In the last two years, the Hyderabad-based company has achieved exceptional scale in the business of setting up plants for India's power companies.
The first step of setting up a plant is the most arduous for any power company. It requires intense engineering expertise which is often in short supply—and also proves expensive to acquire and retain. The simpler option is to outsource the heavy-lifting: Enter Power Mech Projects, a Hyderabad-based company, which spotted this opportunity back in 1999.
Having overcome the hurdles of bank financing and talent, it has now become one of the few players to achieve scale in this business. With a consistent growth of about 15 percent annually, Power Mech boasts a list of marquee private players—Tata Power, Adani Power and Jindal Power to name a few—as well as public sector power producers such as NTPC.
2013 has been one of Power Mech’s busiest years: It built, tested and commissioned projects for a cumulative capacity of 40,000 MW across India. It also erected 65 boilers and 80 turbines during the period. And, in the process, it crossed Rs 1,000 crore in revenues for the first time.
The man behind it
Entering this industry is not for the weak-hearted. Sajja Kishore Babu (Chairman and MD), however, was confident when he took the call to set up Power Mech. After all, he had spent the first 14 years of his career in an engineering company, Indwell Construction, where, at the age of 28, he was part of a team that helped set up power plants. He rose up the company’s ranks to additional managing director and, later, to joint MD. That was when Babu decided to branch out on his own.
As he saw it, he was the driving force behind the company’s success and had, over the years, built strong associations with NTPC and BHEL, a power plant equipment manufacturing and engineering PSU. “Why not do it for myself I thought,” says Babu, now 49. Within a year of his quitting Indwell, he had tapped into his extensive network and founded Power Mech.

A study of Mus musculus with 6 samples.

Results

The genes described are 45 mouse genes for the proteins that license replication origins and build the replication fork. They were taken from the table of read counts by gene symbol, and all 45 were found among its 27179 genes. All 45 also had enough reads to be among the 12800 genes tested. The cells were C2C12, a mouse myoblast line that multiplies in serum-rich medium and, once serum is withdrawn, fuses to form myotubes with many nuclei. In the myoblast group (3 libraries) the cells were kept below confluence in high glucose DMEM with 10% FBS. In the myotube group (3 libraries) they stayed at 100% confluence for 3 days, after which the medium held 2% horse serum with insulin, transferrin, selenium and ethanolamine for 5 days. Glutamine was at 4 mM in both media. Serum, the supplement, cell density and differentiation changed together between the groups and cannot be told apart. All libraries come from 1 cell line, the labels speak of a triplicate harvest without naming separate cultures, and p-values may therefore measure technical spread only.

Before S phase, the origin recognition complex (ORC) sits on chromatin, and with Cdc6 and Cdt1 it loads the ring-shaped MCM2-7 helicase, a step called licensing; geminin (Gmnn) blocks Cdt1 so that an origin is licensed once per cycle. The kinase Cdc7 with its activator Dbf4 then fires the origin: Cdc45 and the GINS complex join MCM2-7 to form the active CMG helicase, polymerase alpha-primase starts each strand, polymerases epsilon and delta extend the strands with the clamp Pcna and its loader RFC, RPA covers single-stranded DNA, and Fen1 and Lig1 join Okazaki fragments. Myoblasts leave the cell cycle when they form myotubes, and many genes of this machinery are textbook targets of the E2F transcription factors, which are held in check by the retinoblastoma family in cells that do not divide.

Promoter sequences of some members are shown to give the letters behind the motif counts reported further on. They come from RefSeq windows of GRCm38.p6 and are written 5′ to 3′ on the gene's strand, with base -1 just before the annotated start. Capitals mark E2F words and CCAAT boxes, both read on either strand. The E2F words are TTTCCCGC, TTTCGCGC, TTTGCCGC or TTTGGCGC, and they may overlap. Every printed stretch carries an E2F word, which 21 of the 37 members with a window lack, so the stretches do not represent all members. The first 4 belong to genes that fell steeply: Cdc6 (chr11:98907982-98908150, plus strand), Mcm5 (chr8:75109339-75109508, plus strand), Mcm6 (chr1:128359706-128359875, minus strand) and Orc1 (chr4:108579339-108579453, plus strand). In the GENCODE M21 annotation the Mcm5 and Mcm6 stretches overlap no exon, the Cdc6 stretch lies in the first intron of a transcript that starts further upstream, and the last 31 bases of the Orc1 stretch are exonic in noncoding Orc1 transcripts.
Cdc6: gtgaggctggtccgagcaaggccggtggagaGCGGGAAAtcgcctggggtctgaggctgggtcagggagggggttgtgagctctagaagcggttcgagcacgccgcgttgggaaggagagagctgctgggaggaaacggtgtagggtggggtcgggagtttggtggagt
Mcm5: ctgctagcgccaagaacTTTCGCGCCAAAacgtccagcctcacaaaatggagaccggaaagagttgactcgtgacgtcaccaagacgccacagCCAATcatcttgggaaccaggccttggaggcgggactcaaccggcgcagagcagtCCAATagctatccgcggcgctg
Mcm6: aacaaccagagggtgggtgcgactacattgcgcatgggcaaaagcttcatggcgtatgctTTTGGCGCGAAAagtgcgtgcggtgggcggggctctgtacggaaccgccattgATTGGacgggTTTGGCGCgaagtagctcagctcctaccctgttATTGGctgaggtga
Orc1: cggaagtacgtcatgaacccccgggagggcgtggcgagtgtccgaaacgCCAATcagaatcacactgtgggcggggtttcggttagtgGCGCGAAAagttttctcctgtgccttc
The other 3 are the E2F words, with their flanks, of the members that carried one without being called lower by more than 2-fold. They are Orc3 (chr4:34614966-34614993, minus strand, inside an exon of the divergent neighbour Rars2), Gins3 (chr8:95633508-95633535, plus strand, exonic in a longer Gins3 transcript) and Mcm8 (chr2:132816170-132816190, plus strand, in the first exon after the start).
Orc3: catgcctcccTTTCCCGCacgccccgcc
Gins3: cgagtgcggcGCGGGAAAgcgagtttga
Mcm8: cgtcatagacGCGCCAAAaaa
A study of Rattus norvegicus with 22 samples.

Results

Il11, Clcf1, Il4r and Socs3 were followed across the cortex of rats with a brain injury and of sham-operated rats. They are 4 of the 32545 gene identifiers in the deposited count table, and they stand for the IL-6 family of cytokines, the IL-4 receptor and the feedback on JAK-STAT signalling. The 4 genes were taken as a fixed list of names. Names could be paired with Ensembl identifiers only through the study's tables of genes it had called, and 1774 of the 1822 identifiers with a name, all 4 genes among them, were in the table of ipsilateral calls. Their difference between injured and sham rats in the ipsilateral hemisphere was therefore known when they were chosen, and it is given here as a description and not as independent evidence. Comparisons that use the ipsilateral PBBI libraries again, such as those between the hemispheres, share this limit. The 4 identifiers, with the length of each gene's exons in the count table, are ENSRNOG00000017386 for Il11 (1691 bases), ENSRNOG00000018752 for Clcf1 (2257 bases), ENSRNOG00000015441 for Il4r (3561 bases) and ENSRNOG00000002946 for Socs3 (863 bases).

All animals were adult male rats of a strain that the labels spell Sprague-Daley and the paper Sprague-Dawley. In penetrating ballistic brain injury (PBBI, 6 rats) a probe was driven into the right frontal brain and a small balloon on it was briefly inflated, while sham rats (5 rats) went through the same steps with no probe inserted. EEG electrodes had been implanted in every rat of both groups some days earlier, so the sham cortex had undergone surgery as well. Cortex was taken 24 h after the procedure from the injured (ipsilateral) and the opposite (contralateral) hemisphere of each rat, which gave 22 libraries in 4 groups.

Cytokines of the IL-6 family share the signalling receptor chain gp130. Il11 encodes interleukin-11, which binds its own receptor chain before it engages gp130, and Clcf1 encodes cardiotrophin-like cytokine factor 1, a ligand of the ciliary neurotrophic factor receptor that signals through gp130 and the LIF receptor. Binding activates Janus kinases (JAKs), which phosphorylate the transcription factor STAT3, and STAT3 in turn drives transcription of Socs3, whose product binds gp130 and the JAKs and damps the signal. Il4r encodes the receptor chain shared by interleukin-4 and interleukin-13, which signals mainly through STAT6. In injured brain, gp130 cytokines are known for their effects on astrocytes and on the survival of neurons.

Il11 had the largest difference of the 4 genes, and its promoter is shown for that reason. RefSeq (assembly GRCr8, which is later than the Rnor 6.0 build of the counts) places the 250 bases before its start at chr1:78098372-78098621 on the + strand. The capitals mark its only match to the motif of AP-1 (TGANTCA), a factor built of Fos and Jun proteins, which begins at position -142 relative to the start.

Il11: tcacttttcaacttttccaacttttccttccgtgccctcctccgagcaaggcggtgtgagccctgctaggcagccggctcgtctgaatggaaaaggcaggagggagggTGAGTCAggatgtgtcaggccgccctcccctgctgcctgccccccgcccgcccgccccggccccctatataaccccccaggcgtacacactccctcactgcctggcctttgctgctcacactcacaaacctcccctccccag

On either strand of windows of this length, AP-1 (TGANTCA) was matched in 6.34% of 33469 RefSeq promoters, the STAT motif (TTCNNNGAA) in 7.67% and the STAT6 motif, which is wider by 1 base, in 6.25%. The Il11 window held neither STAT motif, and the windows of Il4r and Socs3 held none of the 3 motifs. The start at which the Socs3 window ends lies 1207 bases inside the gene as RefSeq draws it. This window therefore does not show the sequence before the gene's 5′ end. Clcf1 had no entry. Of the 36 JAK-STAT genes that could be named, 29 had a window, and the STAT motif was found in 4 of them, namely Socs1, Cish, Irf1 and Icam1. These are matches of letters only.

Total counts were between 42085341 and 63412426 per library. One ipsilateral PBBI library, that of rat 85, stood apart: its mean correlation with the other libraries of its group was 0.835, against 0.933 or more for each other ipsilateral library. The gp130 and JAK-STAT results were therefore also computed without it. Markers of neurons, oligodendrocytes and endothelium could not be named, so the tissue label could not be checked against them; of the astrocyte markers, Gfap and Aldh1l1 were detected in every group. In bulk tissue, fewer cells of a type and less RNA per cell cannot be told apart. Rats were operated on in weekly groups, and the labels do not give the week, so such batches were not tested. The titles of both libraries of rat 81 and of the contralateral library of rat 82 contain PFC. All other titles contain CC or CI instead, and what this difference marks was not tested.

Babu’s personal touch and execution skills have resulted in his company gaining contracts from several large power producers in India. His colleagues describe him as someone who is relationship-oriented. “Once he sees someone, he does not forget the face,” says an employee at Power Mech.
The company had a modest start in 1999 with a maintenance job at Tata Power’s plant at Trombay in Mumbai. “They knew me, and that is how I got the job,” says Babu.
In its first year, Power Mech generated revenues of Rs 5 crore; this helped him get the bank guarantees necessary to start offering construction services that included erecting boilers, turbines and other machinery. A year later, BHEL also registered Power Mech as a contractor and the company began to get a steady stream of projects.
Power Mech has now been in the business for 15 years. It has acquired a high-profile and large customer base. These relationships are not easy to replicate, and managing them are a particular strength of Babu’s. Also, now that it has strong ties with these companies, it has started to get maintenance jobs as well. Unlike construction contracts, these are annuity businesses with 3-5-year-long contracts and Ebidta margins of 20-22 percent. This ensures a steady stream of revenue for Power Mech.
Most significantly, while several companies have reached the Rs 50 crore-level, few have managed to break out to this extent. With revenues of Rs 1,196 crore, Power Mech is an exception. In fact, the buoyancy of the last two years has led Bapu to up the sales target to Rs 1,650 crore by 2016. A listing by March 2015 is also being discussed.
While Power Mech’s current numbers may be impressive, it took Babu 15 years to achieve scale and get private equity players interested in the business. It was only in 2009 that Motilal Oswal Private Equity took note of it and invested Rs 40 crore for an undisclosed stake. Further, despite its obvious relevance—and the fact that it plays a role in keeping our lights on—Power Mech’s work with power plants is not a consumer-facing business.